Starting a fitness program

Here are some tips for making exercise part of your routine:

  • Pick Activities you enjoy. You're more likely to stick with them.
  • Set goals that fit your fitness level. As it improves, slowly increase the amount of time and intensity of your activity. 
  • Track your progress.
  • Figure out which physical activity benefits you. This will help you personalize the benefits of physical activity. 

Components of a basic exercise program

A well-balanced exercise regimen should include: 

  • Aerobic activity (cardio)
  • Muscle-strengthening activity

Adults need at least 2 hours and 30 minutes (150 minutes) of moderate-intensity aerobic exercise every week.1  This includes brisk walking, jogging, dancing and bicycling. Spread the time out during the week. You can even do it 10 minutes at a time during the day.

If you prefer vigorous exercise (such as jogging or running), guidelines say to get at least 75 minutes a week. Or mix moderate and vigorous exercise throughout the week.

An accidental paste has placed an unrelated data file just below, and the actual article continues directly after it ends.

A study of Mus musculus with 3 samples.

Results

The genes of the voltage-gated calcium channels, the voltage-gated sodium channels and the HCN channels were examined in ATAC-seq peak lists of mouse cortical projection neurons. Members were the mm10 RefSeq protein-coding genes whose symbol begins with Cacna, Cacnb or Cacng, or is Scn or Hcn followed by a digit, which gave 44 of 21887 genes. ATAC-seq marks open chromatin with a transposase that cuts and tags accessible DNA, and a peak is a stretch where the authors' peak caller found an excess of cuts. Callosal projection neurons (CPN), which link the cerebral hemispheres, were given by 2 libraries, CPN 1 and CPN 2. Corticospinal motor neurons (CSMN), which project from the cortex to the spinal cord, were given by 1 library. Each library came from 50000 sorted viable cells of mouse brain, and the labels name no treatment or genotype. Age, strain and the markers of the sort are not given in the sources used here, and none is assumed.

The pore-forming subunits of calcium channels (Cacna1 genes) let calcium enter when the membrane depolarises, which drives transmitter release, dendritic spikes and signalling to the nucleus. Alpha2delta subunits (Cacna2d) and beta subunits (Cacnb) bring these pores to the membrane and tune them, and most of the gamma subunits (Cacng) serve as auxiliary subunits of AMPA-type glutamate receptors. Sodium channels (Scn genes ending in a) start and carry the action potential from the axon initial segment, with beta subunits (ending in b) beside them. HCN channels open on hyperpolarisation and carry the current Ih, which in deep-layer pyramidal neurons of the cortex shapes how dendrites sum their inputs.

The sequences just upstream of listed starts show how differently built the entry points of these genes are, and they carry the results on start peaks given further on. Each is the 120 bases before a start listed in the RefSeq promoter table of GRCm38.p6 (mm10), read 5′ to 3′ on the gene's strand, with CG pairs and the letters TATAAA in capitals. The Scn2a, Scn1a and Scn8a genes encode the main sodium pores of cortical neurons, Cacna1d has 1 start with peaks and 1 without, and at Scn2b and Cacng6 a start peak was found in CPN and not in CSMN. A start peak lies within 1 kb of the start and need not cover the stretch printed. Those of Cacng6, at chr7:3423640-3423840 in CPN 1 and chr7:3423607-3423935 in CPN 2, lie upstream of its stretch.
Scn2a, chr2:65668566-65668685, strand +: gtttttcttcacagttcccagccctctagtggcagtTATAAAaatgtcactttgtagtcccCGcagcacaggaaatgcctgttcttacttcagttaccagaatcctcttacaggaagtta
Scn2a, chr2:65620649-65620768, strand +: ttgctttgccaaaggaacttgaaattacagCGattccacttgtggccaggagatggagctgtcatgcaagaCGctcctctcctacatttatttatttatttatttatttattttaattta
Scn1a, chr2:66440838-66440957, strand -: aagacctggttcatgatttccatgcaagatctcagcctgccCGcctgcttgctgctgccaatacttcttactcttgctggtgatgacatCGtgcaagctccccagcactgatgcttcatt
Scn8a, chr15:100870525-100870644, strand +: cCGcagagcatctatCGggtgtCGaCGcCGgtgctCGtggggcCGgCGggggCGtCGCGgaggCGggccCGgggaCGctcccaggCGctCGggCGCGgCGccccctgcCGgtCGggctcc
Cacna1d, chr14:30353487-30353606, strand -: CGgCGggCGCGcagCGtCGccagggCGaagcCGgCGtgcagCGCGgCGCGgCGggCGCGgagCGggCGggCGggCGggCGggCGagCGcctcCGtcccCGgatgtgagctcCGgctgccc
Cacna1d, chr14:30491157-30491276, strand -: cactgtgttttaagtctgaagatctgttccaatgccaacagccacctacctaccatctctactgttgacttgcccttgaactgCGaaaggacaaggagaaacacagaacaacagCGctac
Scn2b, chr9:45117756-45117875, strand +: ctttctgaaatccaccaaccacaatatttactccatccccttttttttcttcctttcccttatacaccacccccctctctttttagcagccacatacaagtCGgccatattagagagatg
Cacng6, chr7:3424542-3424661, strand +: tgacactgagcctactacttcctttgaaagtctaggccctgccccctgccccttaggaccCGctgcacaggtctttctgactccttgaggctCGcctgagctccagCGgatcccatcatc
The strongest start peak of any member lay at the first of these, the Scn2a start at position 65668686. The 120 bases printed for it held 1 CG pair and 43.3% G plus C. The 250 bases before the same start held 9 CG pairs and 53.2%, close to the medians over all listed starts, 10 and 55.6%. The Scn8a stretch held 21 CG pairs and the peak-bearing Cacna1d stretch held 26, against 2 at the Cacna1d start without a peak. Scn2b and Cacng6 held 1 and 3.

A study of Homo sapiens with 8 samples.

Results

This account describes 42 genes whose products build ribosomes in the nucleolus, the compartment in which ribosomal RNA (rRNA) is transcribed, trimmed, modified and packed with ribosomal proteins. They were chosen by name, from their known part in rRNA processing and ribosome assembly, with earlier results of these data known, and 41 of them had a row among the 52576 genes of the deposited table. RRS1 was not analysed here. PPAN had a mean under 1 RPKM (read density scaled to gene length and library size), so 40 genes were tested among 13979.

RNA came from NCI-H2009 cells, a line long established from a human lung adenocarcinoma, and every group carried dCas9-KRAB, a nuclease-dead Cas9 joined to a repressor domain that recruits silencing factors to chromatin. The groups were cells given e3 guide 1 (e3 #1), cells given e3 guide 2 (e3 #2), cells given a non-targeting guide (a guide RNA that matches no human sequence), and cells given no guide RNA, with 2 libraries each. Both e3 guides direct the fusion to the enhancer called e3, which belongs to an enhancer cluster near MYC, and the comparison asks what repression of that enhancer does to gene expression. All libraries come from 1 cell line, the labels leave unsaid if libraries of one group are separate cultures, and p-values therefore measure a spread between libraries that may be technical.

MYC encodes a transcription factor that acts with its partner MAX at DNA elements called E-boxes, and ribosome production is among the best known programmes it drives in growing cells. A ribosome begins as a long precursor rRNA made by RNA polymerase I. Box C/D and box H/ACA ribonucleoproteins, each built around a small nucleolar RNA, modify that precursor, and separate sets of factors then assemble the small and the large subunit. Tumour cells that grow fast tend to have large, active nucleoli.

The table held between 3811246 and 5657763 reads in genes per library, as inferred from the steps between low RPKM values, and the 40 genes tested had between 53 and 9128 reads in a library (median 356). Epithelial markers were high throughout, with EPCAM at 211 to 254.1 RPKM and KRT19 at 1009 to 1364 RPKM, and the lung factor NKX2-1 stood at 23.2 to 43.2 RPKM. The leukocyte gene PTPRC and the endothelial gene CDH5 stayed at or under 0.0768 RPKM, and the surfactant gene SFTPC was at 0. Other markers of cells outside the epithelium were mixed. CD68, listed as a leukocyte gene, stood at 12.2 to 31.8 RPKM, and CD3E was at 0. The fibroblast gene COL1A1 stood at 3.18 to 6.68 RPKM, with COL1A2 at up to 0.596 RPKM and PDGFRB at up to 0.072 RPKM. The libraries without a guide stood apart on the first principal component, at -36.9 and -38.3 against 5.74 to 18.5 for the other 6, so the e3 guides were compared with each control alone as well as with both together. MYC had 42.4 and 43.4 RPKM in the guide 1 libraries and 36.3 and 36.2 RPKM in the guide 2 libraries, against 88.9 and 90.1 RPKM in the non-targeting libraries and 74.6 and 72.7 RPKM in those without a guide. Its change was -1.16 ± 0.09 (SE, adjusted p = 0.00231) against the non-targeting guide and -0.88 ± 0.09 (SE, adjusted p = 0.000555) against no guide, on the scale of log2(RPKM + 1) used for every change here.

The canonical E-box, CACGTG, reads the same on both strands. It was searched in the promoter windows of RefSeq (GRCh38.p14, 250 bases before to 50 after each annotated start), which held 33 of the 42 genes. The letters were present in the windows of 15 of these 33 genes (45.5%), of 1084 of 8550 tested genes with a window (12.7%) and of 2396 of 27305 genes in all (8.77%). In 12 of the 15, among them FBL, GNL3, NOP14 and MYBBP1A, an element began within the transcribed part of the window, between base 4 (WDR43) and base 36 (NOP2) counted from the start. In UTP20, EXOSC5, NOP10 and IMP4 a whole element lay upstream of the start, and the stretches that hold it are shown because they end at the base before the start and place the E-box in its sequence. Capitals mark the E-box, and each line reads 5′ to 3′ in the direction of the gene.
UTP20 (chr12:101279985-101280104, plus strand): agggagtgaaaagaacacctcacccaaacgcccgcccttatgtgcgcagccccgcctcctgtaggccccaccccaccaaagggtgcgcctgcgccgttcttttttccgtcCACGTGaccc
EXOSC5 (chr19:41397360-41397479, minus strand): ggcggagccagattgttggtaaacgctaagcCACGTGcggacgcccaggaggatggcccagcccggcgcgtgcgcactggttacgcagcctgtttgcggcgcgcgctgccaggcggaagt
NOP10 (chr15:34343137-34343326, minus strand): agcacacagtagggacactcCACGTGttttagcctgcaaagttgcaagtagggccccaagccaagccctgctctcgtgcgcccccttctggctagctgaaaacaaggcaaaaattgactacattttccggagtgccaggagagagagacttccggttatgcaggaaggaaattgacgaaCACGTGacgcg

Add strength training 2 or more days a week that works all major muscle groups (legs,hips, back, abdomen, chest, shoulders and arms).
1How much physical activity do adults need? Centers for Disease Control and Prevention. March 2014.

Making it easier

The top reasons for not exercising include lack of time, lack of motivation and inconvenience. Here are some simple steps to overcome these barriers:

  • Find at least three 30-minute time slots you could use for physical activity. Put them in your schedule.
  • Select more vigorous activities you can do in less time, such as running, swimming laps or stair climbing.
  • Take a class with a friend; join a gym.
  • Plan social activities that involve exercise.

Avoiding exercise injuries

If you are exercising for health and fitness, and not training for a specific sport, you may be more susceptible to overuse, stress-related or repetitive-motion injuries. These usually result when joints or soft tissue (muscles, tendons, ligaments or bursae) become irritated and inflamed. To avoid overuse injury, you must give these soft tissues time to toughen, even if your muscles are urging you to go farther and faster.